Dating back to 1898, a tarte tatin was traditionally made by caramelizing apples in butter and sugar and baking upside down in an oven. The dish was allegedly created by accident at the Hotel Tatin when the tart was baked upside-down by mistake. I substituted chunks of  apple for thick slabs of juicy tomato and gave my tart a savoury bend with brown butter and balsamic vinegar. At this time of year the tomatoes are a brilliant shade of red and are perfect paired with a soft lump of goat cheese. I am having a great time in Michigan and thank you for all of the well-wishes from the previous post. It will be so hard returning to winter after eating fresh fruits and vegetables from the markets and my grandfather’s garden (not to mention saying good-bye to family and friends again)!

Paul Gauguin, Nature morte aux tomates (Tomatoes and a pewter tankard on a table), 1883
oil on canvas, 60 x 73 cm, private collection

Paul Gauguin painted Nature morte aux tomates the year he quit working at the stock exchange and devoted his career to art.  The work from this period is closely related to Impressionism – he later broke away from the movement by simplifying his painting and focusing on shape and bold blocks of colour. In the two years before Gauguin painted Nature morte aux tomates, he exhibited at the Salon and formed a close relationship with Camille Pissarro. The short brushstrokes create a wavy texture over the surface of the composition carrying the eye from one corner to the other and reflect Cezanne’s influence over his art. According to the Christie’s catalogue from the May 2009 sale of Nature morte aux tomates, “A still-life with tomatoes, and indeed one composed mainly of tomatoes, is an unusual subject in 19th century French painting. Among the upper classes the tomato still had a lingering reputation for being poisonous to consume, a problem caused when the acids of the fruit leeched into the lead content of the pewter flatware that well-to-do diners preferred to use.”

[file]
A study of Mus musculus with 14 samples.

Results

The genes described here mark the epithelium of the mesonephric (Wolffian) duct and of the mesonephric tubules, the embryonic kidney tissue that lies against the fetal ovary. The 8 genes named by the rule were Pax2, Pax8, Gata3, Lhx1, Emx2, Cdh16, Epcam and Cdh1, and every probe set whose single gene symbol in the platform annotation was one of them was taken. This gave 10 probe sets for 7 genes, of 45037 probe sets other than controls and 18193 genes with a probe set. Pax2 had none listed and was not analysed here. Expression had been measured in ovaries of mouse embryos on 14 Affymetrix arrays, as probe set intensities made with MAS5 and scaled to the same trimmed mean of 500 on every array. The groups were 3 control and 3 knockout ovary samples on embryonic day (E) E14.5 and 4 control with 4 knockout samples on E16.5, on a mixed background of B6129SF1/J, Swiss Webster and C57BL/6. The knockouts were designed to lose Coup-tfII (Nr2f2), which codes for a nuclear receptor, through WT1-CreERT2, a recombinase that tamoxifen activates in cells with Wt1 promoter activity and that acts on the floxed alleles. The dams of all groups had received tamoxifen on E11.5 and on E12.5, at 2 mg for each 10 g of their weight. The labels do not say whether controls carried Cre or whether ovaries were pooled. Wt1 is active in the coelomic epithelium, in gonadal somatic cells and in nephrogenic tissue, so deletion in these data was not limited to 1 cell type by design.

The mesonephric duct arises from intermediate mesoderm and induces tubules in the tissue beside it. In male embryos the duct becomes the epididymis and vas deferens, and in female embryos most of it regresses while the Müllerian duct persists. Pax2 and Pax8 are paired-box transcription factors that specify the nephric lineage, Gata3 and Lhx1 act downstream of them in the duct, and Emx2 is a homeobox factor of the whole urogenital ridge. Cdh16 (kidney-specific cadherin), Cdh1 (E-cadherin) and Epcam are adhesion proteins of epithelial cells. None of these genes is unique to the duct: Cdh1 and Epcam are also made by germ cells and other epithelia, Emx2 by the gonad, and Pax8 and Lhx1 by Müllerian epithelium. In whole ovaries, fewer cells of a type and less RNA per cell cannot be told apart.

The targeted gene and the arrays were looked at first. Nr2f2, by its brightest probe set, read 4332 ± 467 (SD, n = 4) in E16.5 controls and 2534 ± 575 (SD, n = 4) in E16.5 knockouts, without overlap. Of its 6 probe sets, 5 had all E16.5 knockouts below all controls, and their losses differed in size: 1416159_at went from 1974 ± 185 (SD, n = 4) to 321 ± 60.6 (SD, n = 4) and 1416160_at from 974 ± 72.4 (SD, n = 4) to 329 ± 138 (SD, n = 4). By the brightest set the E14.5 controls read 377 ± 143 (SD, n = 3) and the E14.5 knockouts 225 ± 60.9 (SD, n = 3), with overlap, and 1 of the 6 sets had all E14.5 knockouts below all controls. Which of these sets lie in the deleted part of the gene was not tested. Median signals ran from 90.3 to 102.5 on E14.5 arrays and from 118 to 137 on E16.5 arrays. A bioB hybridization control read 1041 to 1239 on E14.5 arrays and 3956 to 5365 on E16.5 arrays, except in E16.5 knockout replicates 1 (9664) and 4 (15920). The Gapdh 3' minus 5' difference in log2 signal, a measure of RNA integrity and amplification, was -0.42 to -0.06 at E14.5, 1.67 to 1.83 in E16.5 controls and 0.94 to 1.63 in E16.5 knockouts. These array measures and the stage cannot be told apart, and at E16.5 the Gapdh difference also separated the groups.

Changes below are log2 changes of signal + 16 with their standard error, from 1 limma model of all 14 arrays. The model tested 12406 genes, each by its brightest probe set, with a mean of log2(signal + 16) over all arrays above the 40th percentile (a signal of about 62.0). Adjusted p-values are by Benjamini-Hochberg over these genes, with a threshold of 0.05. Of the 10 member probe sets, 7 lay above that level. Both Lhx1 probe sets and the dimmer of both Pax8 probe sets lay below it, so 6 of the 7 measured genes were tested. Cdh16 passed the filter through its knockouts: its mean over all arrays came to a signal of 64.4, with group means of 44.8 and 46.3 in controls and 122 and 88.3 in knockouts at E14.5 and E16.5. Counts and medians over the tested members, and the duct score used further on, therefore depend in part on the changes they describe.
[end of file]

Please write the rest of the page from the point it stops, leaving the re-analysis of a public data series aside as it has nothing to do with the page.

{Tomato Tarte Tatin}

adapted from the NY Times

4 large tomatoes, sliced
1 red onion, thinly sliced
5 TB butter
1 TB white balsamic vinegar
salt & pepper
1 TB fresh lemon thyme leaves
1 sheet, puff pastry

Preheat the oven to 425F or 220C. Cut the puff pastry 1/2 cm larger than the skillet. Melt 2 TB of the butter in the skillet and add the thinly sliced red onion and a pinch of salt. Stir over medium-high heat for about 15 minutes before adding 2TB of water to lift any bits from the bottom of the pan. Stir for another 30 seconds before transferring to a bowl.

Melt the remaining butter in the skillet very slowly over medium-low heat until it turns golden. Add the balsamic vinegar and a bit of black pepper, cooking until the harsh vinegar smell disappears. Arrange the sliced tomatoes in a pretty pattern and top with the onions. Cover with the puff pastry and cut several long vents in the pastry to allow the steam to escape. Tuck the edges around the tomatoes and slide into the oven. Bake for around 30 minutes until puffed and golden.

Let the tart stand for a few minutes before running a knife around the edge to loosen. You may need to pour out a bit of the liquid at the bottom of the pan – my tomatoes were very juicy and I had quite a bit of excess liquid. Flip the tart onto a serving platter, sprinkle with the fresh thyme and cut into wedges. Serve with fresh goat cheese immediately. The crust will become soggy if left to sit in the juices from the tomatoes and onions.

If you don’t have an oven-proof skillet then simply cook the onions and brown butter in a small saucepan or frying pan and transfer to a round cake tin.